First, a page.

The Biden administration wants to raise taxes. A lot. On a lot of people – more than the president is willing to admit.

There are many reasons given for the proposed hikes – paying for some (but not nearly all) of the proposed government spending…fairness and equity…or old-fashioned class envy.

But the rates Mr. Biden proposes are akin to those the U.S. has adopted in time of war. Jay Starkman writes in the Wall Street Journal:

The top federal income-tax rate rose to 77% in 1918 from 7% in 1913. Following World War I, the top rate came down, reaching just 25% from 1925-31. Rates were raised during the Great Depression to 64% in 1932 and 79% in 1936. In April 1942, Roosevelt proposed a top individual tax rate of 100%, declaring that amid “grave national danger, when all excess income should go to win the war, no American citizen ought to have a net income, after he has paid his taxes, of more than $25,000” (the equivalent of a bit more than $400,000 in 2021 dollars). The Treasury Department said this top rate would only affect 11,000 taxpayers. Democrats in Congress pronounced it dead on arrival. Still, the top World War II rate reached 94%. But generous deductions and easier conversion of ordinary income into capital gains helped high-income taxpayers avoid paying that rate.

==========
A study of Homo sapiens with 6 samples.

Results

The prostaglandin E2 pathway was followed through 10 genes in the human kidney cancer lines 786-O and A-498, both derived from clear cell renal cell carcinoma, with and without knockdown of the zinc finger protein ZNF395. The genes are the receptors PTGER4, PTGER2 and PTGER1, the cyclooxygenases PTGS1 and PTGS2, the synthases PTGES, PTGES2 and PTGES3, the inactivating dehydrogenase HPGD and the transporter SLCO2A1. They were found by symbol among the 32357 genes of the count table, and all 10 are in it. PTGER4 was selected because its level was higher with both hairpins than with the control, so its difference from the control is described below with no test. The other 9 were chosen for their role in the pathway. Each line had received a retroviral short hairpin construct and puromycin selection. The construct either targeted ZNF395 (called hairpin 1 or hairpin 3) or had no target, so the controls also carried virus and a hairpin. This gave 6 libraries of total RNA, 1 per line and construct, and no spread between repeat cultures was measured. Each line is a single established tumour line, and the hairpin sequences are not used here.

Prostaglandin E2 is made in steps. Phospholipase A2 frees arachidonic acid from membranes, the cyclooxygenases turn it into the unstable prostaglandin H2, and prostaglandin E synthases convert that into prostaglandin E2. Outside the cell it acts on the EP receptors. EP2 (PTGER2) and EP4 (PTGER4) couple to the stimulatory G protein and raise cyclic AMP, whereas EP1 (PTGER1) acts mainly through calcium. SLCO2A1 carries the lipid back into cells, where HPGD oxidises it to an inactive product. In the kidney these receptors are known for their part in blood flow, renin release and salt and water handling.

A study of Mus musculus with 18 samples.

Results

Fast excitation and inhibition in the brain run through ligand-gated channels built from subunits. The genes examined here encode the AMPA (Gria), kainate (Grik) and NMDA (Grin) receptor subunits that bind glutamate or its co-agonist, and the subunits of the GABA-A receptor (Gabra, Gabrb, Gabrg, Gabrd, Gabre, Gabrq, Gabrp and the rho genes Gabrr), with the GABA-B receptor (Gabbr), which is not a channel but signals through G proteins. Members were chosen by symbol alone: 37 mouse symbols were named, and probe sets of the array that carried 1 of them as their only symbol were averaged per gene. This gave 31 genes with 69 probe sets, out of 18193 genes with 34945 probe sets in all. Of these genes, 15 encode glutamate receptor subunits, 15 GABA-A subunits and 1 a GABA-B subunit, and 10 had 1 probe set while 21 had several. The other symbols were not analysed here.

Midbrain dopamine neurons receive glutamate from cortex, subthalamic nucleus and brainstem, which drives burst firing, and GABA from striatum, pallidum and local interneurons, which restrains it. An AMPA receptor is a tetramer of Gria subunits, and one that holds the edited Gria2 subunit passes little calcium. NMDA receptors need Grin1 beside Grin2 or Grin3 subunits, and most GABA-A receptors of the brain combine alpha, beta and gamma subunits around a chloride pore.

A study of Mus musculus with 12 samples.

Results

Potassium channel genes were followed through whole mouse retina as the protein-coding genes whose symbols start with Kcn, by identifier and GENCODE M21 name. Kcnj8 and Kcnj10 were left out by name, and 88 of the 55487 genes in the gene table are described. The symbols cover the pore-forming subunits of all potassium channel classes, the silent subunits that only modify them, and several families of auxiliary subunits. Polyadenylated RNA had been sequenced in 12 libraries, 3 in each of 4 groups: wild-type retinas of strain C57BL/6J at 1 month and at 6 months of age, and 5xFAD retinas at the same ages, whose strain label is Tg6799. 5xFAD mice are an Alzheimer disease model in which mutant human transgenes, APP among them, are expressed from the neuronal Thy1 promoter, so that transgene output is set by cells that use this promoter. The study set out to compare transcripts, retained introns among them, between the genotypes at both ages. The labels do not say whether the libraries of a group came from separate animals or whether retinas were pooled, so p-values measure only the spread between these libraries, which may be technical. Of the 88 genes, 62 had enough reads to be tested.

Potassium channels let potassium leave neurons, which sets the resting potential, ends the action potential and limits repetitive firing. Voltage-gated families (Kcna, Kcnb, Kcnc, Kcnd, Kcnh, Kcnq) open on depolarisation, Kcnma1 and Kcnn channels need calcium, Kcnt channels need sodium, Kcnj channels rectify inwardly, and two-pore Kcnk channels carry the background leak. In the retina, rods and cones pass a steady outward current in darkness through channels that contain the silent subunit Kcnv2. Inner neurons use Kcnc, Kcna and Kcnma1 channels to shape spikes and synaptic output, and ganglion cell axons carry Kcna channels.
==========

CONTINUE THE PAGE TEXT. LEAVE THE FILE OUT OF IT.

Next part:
Top individual tax rates remained at 91% until 1964, when Congress passed John F. Kennedy’s tax reduction proposal and set the top rate at 70%. Richard Nixon carved out a 50% top rate on salary and self-employment (known as “earned income”) in 1969. Then Ronald Reagan pushed the rate on other income down to 50% too, and finally down to 28% in 1988. These reductions were accompanied by removing or altering deductions that had previously helped taxpayers avoid paying the top rate. Today’s Democrats aspire to raise rates to the skies while also limiting such offsetting exclusions.

It’s one thing to demand high taxes to pay the costs of an actual shooting war where defeat has profound consequences for life and liberty. And even then, government has allowed earners ways to lessen the tax burden. It’s something entirely different to demand war-like tax rates without exemption simply to fund the dead hand of big government. Unless, of course, your intention is to declare war on success.